Photo Essays

When Modernism Ruled Europe

by Hrag Vartanian on October 14, 2010

Pablo Picasso, “The Source” (1921). Oil on canvas, 64 x 90 cm. Moderna Museet, Stockholm, Donation 1970 from Grace and Philip Sandblom, © 2010 Estate of Pablo Picasso/Artists Rights Society (ARS), New York

Between World War I and II, there was a strong gust of classicism that swept through the Western European avant-garde. Artists from across the continent embraced the language of the ancients as a way to reflect their own time and culture. This taste for antique forms can be interpreted in different ways, including as an attempt to seek order in a tumultuous time, a way to cloak a modern ideologies with powerful symbols, or a reaction to the radicalism of the previous decades. Regardless of the root cause or causes, the style that was at once familiar and dignified was a rich source of inspiration for artists, designers, and architects of all types.

Ludwig Mies van der Rohe, “Barcelona Pavilion (1928–29). Exterior view with Georg Kolbe’s ‘Morning’ (1925),” (1929) Gelatin silver print, 16.5 x 22.2 cm The Museum of Modern Art, New York, Mies van der Rohe Archive, gift of the architect © 2010 Artists Rights Society (ARS), New York/VG Bild-Kunst, Bonn Digital image © The Museum of Modern Art/Licensed by SCALA/Art Resource, NY

This long recognized but rarely examined chapter in modern art is the subject of the Guggenheim Museum’s current Chaos and Classicism: Art in France, Italy, and Germany, 1918–1936, which is a very attractive exhibition that gathers together a remarkable array of objects associated with almost every -ism from the era. The power of classicism is partly due to its malleability and how it was able to lend its voice to any and every modern movement that sought refuge in its silhouettes, drapery, linear logic, and airs of history.

August Sander, “Secretary at a West German Radio Station, Cologne” (1931). Gelatin silver print, 26 x 17.1 cm Printed 1990 by Gerd Sander, edition 11/12 Courtesy Julie Saul Gallery, New York © 2010 Die Photographische Sammlung/SK Stiftung Kultur–August Sander Archiv, Cologne/ARS, NY (click to enlarge)

If Picasso’s robust figures or the sculptures of Georg Kolbe are easily associated with modern classicism, curator Kenneth E. Silver has gone beyond the obvious to include the photographs of August Sander and Le Corbusier’s distinctive round glasses as classically inspired compositions and forms that reveal a fuller picture of the time. Silver has expertly combined disparate things to tell a riveting story on the ramp and rooms of Frank Lloyd Wright’s building.

The genius of the show is that it doesn’t rely on masterpieces by widely recognized masters to make the case that modern classicism deserves our attention. Sure there are many big names on display (Picasso, Braque, de Chirico, Otto Dix, Mies van der Rohe, Aristide Maillol, Balthus … ), but the curator has left the bulk of the artistic story telling to lesser known names who never make it into the history of art survey books but are crucial parts of this tale. People like Julius Bissier, Yves Alix, Florence Henri, Thayaht, and Carlo Carrà reveal aspects of the modern infatuation with classicism of all types that we often don’t see in the more famous names. They are the major highlight of the show, but not the only one.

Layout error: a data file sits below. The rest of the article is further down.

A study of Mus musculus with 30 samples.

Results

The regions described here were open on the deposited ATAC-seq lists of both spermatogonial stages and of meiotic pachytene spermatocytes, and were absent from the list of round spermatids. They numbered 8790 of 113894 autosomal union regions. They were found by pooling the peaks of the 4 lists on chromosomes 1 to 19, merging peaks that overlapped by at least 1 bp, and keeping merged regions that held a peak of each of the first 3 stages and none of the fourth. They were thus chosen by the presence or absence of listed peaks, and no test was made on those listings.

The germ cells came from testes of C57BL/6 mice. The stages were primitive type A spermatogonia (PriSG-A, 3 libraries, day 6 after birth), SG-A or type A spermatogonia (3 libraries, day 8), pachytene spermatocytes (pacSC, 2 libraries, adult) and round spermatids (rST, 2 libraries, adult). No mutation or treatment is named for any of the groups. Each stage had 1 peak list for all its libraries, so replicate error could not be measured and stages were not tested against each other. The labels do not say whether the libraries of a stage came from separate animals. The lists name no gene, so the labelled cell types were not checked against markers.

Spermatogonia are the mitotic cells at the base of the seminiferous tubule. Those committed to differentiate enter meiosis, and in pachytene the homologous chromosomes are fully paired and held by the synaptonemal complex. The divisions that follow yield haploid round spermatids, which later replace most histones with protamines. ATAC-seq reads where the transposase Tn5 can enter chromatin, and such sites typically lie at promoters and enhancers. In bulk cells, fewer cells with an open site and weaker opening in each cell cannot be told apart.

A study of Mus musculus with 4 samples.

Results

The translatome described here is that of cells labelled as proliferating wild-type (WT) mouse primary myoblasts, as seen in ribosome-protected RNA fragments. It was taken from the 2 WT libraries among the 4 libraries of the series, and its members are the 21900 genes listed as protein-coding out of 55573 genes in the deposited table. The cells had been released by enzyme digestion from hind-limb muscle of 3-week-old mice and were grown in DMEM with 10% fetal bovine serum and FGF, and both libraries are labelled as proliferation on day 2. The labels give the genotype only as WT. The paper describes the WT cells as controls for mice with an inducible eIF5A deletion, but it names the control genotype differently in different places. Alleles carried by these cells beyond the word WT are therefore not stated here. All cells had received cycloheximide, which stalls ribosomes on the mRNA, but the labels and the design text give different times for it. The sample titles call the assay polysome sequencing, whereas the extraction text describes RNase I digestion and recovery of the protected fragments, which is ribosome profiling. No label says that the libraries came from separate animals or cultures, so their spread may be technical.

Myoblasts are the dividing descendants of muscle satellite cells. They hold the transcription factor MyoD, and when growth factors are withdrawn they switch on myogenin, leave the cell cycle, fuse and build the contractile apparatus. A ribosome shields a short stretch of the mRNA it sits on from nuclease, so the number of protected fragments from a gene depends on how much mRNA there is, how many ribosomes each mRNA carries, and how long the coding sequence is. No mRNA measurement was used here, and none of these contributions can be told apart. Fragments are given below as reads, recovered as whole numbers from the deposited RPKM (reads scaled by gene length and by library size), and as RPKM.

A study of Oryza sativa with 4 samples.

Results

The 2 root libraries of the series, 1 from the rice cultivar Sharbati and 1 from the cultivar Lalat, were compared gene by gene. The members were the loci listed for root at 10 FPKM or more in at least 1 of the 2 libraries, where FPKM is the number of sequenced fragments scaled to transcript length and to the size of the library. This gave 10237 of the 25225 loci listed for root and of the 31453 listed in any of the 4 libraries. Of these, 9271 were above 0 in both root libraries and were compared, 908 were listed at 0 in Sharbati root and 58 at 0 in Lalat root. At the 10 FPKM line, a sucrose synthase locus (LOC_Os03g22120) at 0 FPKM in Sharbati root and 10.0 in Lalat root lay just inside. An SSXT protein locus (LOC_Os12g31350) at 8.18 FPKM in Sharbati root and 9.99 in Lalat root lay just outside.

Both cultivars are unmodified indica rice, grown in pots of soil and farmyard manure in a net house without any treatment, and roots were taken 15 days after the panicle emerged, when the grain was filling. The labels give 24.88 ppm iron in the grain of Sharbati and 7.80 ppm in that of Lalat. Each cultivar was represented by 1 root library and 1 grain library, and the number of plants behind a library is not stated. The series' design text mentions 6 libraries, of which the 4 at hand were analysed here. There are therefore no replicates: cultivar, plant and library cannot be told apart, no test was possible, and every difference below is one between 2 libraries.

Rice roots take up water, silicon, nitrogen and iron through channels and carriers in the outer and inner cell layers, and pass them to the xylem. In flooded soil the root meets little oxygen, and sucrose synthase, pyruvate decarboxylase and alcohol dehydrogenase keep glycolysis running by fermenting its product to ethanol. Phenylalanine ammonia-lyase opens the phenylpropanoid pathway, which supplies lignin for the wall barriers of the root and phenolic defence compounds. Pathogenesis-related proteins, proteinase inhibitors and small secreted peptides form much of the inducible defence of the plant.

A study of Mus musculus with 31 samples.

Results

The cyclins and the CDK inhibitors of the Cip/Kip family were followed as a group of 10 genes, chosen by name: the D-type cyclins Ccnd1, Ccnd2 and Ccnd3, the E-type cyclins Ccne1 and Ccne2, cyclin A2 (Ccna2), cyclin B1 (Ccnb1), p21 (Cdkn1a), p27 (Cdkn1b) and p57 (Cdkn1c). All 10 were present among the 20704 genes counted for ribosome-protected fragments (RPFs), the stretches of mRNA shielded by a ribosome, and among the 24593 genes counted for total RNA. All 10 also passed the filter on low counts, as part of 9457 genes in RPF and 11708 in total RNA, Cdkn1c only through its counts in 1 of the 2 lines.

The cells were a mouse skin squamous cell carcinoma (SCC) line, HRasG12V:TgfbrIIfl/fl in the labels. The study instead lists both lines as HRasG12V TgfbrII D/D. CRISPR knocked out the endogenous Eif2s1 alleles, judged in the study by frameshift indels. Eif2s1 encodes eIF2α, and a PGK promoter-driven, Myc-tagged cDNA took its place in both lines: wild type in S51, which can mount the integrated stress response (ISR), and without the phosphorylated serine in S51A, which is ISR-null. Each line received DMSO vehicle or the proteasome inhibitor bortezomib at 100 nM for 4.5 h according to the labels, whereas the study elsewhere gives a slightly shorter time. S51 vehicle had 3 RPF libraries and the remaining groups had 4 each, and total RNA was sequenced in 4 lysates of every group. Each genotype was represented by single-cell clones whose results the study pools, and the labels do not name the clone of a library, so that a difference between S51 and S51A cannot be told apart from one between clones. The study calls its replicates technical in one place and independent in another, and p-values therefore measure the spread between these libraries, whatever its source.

The other strength of the exhibition is the strong collection of objects associated with the Italian Fascist movement. Even if you disagree with their ideology, it is hard to argue that they weren’t the patrons of one of the most powerful artistic languages of the era. The genius of Giuseppe Terragni’s Casa del Fascio (1932-36) is hard to deny and the vibrancy of Renato Bertelli’s “Continuous Profile of Mussolini” (1933) is riveting, and if truth be told they represent some of the very best art produced during the period by anyone. The diversity of work in this splinter movement of modernism is stunning for its skill and riveting for the fact that it looks more contemporary than almost anything else on display — it was a realization that made me more uncomfortable than I at first wanted to admit. Fausto Melotti’s “Untitled” (1933-34), Felice Casorati’s “Prinkly Pear Cactus” (1928), and Piero Bottoni’s furniture for Casa Minerbi (1930) are works I would single out for their remarkably contemporary look.

In fascist Italy, and under the guidance of important artists like Mario Sironi, radical art was allowed to flourish. Even in the fascist era of Germany, which succumbed to more pedestrian versions of visual art, the films of Leni Riefenstahl demonstrate that right-wing ideologues could still commission great things even if they were downplayed in the post-war period. Now, seventy or eighty years later the world has changed and few of us feel the same knee-jerk rejection of fascism’s visual tastes, and it was a welcome treat to see them in context.

If there are weaknesses in the show they are easily overlooked. Alfred Courmes’s “Portrait of Peggy Guggenheim” (1926) and the Braques were some of the weakest on display but even they offered insight into yet another facet of the era’s diverse taste for classicism.

Like all great trends, if I can call it that, the appeal eventually dissipated when war broke out again. After the Second World War, Western European artists lost interest in classicism and preferred to look westward to America. The fascinating thing with this show is that it doesn’t chart a movement, a style, or an ideology, as much as a mood, and it’s fascinating to see how during two decades in the early twentieth century artists in France, Italy, and Germany were often looking back to see their precarious present.